Developed By: Cowardly Creations
Published By: Digerati
Category: Survival Horror, Puzzle, Adventure, Action
Release Date: 12.25.18
Partially funded through an IndieGoGo campaign, Uncanny Valley for the Nintendo Switch was originally released for the PC in 2015. It made its way to both the PS4 and X-Box One in 2017, and publisher Digerati has completed the console trifecta with a Switch release on Christmas day in 2018. Developers Cowardly Creations have the stated goal of creating an old-school survival horror game that focuses its gameplay on atmosphere, exploration, and story over action – though there is some action to be found.
What Has Science Done?
Tom is a new security guard at a shuttered research facility owned by the Melior Corporation. He arrives one day and meets the facility’s only other inhabitants, Buck – a fellow security guard – and Eve – a housekeeper. Tom gets the night shift, which means he has to patrol the big, empty facility in the dark. Every morning when his shift is up, he heads back to his room in the employee dorms and has nightmares of shadowy figures overwhelming him. You control Tom as he descends into the mystery surrounding the secret project that got the facility shuttered – and his own troubled past.
Choose Your Own
Death Dismemberment Adventure
The narrative puzzle at the heart of the game is enthralling and difficult to uncover. Few hints are provided the player during the game, but the biggest one comes right after you boot up the game. Players are warned that Uncanny Valley features wildly branching storylines which reward multiple playthroughs. My first playthrough ended when I stole the keys to Buck’s car and drove off; I died in a car crash during the escape. I didn’t mean to end the game there; I had no idea stealing the car would lead to an ending after only 30 minutes of playing and nothing that could really be classified as “survival” or “horror.”
My next playthrough saw me reading through company e-mails and shedding more light on Tom’s past via his nightmares. I learned more about the Melior Corporation’s project; suffice it to say, anyone who’s consumed any sci-fi horror movies, novels, or games could have told them things would work out the way they did. This playthrough had significantly more horror elements, but I couldn’t quite make the survival part work. Each successive playthrough evolved into a bigger, more engaging story. Informed by the failures of my previous attempts, I was able to make a little more progress every time towards the good ending; or at least I assume there’s an ending that doesn’t end with Tom’s mutilation or annihilation; four playthroughs in I still haven’t found the route that leads to success. Google tells me there’s a good ending, though, so I’ll trust it. But I received a different ending every time, so there is certainly a strong variety of branches.
Find Things and Use Them
Uncanny Valley incorporates some point-and-click adventure game elements in its puzzle-solving mechanics. Namely, you can collect items you come across and use them on objects or people to alter the environment and open new pathways. In a more survival-horror style element, you must also strictly monitor your resources because there are very, very few of them to be found. When you come across any enemies, you may not even have a weapon to use against them. Running is an option, but you run out of breath after sprinting – and Tom clearly is not the athletic type. He starts huffing and puffing after like half a screen. The best advice I can give? Keep your eyes open for a gun ASAP. It’s just easier that way.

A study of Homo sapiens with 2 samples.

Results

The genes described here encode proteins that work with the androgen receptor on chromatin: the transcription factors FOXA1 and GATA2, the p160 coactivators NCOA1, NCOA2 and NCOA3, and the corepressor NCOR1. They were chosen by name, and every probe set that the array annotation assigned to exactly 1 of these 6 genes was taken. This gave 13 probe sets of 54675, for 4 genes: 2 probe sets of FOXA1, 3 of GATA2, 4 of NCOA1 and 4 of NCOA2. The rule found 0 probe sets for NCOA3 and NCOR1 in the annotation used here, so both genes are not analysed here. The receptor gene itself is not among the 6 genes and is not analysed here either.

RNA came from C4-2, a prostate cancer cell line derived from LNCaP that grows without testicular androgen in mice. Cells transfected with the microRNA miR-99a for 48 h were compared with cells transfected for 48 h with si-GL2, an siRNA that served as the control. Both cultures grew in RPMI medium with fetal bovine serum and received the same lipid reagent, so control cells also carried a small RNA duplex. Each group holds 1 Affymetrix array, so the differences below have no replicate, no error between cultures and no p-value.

Dimensions of Horror, Not Depth
The 2D sidescrolling perspective of Uncanny Valley gives the survival horror aspects of the game a bit of a different feel for me. My background with the genre is in the Resident Evil and Silent Hill series; you’ll remember that both of them feature a third dimension. That 3D perspective really emphasized survival; you could successfully run from most enemies if you needed to. Uncanny Valley does not provide players that luxury. Basically, you either already have a solution to a problem or you don’t. More plainly, either you get to keep playing, or you get to experience one of the many endings. I feel that this limits the appeal of the exploration aspects of the game a little; if you enter a room too early and die, you now have to replay everything up to that point to take a different path. While I don’t mind multiple playthroughs, I do occasionally get bothered by excessive backtracking, which is sometimes what we’re talking about here.
Smaller development teams don’t have the luxury of the high-end 3D graphics some of the more well-known franchises enjoy. One of the more popular solutions to that problem is to go old-school; obviously I’m talking about pixels, baby! Uncanny Valley features a very slick 16-bit style visual direction. I’m not sure it’s the right choice for a horror game, however. Despite a genuinely beautiful pixel aesthetic, images that are meant to be disturbing can come off as unnecessarily cartoonish. The dark color palette and general dearth of light sources do create quite the creepy atmosphere in conjunction with a low, oppressive soundtrack, however. So the art direction in general is great; I just felt that a few moments didn’t land quite the way they were probably intended.
Uncanny Valley does not feature any touch or motion controls, so you can play it docked or undocked as you wish. Personally, my TV does a better job rendering dark colors than the Switch’s screen, so I preferred playing while docked (plus the Pro controller is just so much more comfortable to hold). Overall, though, I don’t see any real reason to recommend one style of play over the other; the game experience is essentially the same whether you play it docked or undocked.
TL;DR: A creepy, well-crafted survival horror game whose multiple story branches can sometimes feel repetitive.